Old crop wheat futures are now £8 up on the low reached in March, and £10 up on the new. Also at long last the euro/sterling exchange rate has improved; having touched nearly 70p, it’s now recovered to 73p.
We mustn’t get carried away; but since January, when attending farmer meetings and explaining the reasons for the post Christmas depressed market, I have felt as though I was addressing a man struggling in the sea and describing the water to him as he was drowning. Everyone attending those meetings will know that I have remained optimistic, and have been looking for this up turn.
The immediate reasons are there is very dry weather in the United States – Kansas, Oklahoma – and Russia. Not a real drought yet, but concerning for the Russians, who, as I have stated in previous editions, say they had the worst wheat crop establishment for 20 years.
Russia is such a basket case where quantitative and qualitative information is concerned. One report will say they still expect a 100 million tonnes 2015 grain crop, another only 75 million. We know they have to reseed some in the spring; but also know that the bankers are very reluctant lenders to agriculture, so they may not be able to finance inputs. All we know is it’s going to be very dry in Russia for the next two weeks at least.
I spent some time with Russians at a world conference last week. They are concerned that the old crop export tax, which is effectively an embargo, could carry over to new crop. Also, there is impasse upon the sanctions negotiations. Maybe Russia won’t be a serious export player at all next year.
The big international hedge funds are all short of wheat, believing the hype about massive world stocks to be added to a more normal 2015 harvest. They must be getting uncomfortable now; and being greedy they have missed the bottom of the market. Closer to home I am pretty sure that while end users may have covered requirements up to new crop, the merchants who made those sales are still short.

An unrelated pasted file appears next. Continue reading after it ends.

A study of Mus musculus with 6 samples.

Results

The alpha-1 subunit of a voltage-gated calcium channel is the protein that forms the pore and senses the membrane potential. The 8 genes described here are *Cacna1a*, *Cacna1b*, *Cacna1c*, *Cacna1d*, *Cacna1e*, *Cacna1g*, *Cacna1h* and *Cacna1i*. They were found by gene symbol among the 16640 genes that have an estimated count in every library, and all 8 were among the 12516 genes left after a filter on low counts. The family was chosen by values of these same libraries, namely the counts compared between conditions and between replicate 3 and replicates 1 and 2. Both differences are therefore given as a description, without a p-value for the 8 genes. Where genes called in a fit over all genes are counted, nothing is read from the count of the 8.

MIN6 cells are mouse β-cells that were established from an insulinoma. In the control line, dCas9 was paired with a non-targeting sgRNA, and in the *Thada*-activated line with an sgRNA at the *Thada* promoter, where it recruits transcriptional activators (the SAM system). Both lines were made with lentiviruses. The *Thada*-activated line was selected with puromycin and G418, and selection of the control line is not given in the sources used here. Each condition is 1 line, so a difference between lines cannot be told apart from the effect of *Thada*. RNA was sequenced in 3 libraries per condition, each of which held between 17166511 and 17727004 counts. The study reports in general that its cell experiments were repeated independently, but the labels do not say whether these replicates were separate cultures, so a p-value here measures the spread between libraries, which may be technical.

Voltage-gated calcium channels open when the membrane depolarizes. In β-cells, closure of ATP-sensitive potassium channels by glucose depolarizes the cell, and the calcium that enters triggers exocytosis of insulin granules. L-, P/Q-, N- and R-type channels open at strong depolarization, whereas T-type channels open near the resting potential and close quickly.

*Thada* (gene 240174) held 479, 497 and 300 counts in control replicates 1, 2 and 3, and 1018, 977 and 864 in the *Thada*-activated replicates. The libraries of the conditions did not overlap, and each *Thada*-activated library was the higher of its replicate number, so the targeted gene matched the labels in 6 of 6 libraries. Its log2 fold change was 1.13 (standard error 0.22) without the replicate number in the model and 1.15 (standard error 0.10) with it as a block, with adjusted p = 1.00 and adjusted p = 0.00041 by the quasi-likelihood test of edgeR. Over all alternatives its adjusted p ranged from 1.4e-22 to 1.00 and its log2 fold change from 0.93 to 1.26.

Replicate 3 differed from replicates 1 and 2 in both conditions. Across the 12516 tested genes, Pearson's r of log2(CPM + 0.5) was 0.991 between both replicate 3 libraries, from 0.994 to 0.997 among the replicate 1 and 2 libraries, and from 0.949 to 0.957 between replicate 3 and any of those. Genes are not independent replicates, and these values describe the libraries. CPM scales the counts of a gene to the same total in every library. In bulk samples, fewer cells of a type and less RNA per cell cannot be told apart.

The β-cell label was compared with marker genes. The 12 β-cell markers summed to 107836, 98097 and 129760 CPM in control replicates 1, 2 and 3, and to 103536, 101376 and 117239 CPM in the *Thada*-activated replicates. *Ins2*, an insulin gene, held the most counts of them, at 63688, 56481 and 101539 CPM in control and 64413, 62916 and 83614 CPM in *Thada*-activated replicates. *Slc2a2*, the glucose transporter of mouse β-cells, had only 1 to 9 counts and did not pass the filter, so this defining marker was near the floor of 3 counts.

So there are justifiable causes for the market to recover for the time being, which it has. But on paper we still could have an exportable surplus of two million tonnes of wheat to shift over April to June. However, our carry out is only expected to be 1.6 million tonnes. But that could increase without storage difficulty to 2.5 million tonnes, which we have carried over to new crop before. Certainly if the wheat market remains inverse – that is the new crop is worth more than the old – there could be justification to do that.
But, there is a much bigger picture to consider. Suppose we have reached the bottom of this last 18 month cycle, of low commodity values worldwide? The warning signs are there: US farmers have planted less winter wheat, maize and soya, because they cannot make any money growing these crops. In total four million acres of American arable production have gone missing. It remains to be seen if late spring plantings of something will change any of this, but right now fallow looks the best bet in the states.
So, to quote my favourite Briton, Winston Churchill, who, after our victory at El Alamein said “now this is not the end,” “it is not even the beginning of the end”, “but it is perhaps, the end of the beginning.” Applying this to the grain trade, it may be the short term end of low, below the cost of production, market prices; but also it could be the start of a worldwide recovery of commodity prices.
The European Union continues to dish out export licences: the total is now up to 23.7 million tonnes for the 2014/2015 harvest. So we have a lot of exports to execute, but there is optimism about further sales yet from the EU helped by the weak euro which is down to 2003 levels.
I cannot believe that the Greek “Odyssey” on membership still hasn’t been resolved: that should happen in April. Meanwhile, UK election fever mounts. The Scottish National party has been suggesting what it might do if it were to hold the balance of power, with say a minority Labour government. This is sufficient to send some financial institutions running for cover. So don’t be surprised if sterling falls a bit more before the election. Currency remains a big ticket item in determining grain prices.
In summary, I think in these times of surplus, you only get a couple of times in the year when it’s unquestionably right to make grain sales. Notwithstanding a crop disaster somewhere, you are now heading into one of those opportunities, whether it’s selling the remainder of your old crop or starting on the new. I hope by the time you read this, the market will have moved on a bit more to at least £130 for new crop wheat.
On a lighter note, the cynic in me questions what Richard III (being buried again as I write) was actually doing in a car park in Leicester? How do they know it was him? Was he caught on CCTV? Maybe he was the first recorded victim of overzealous wheel clampers.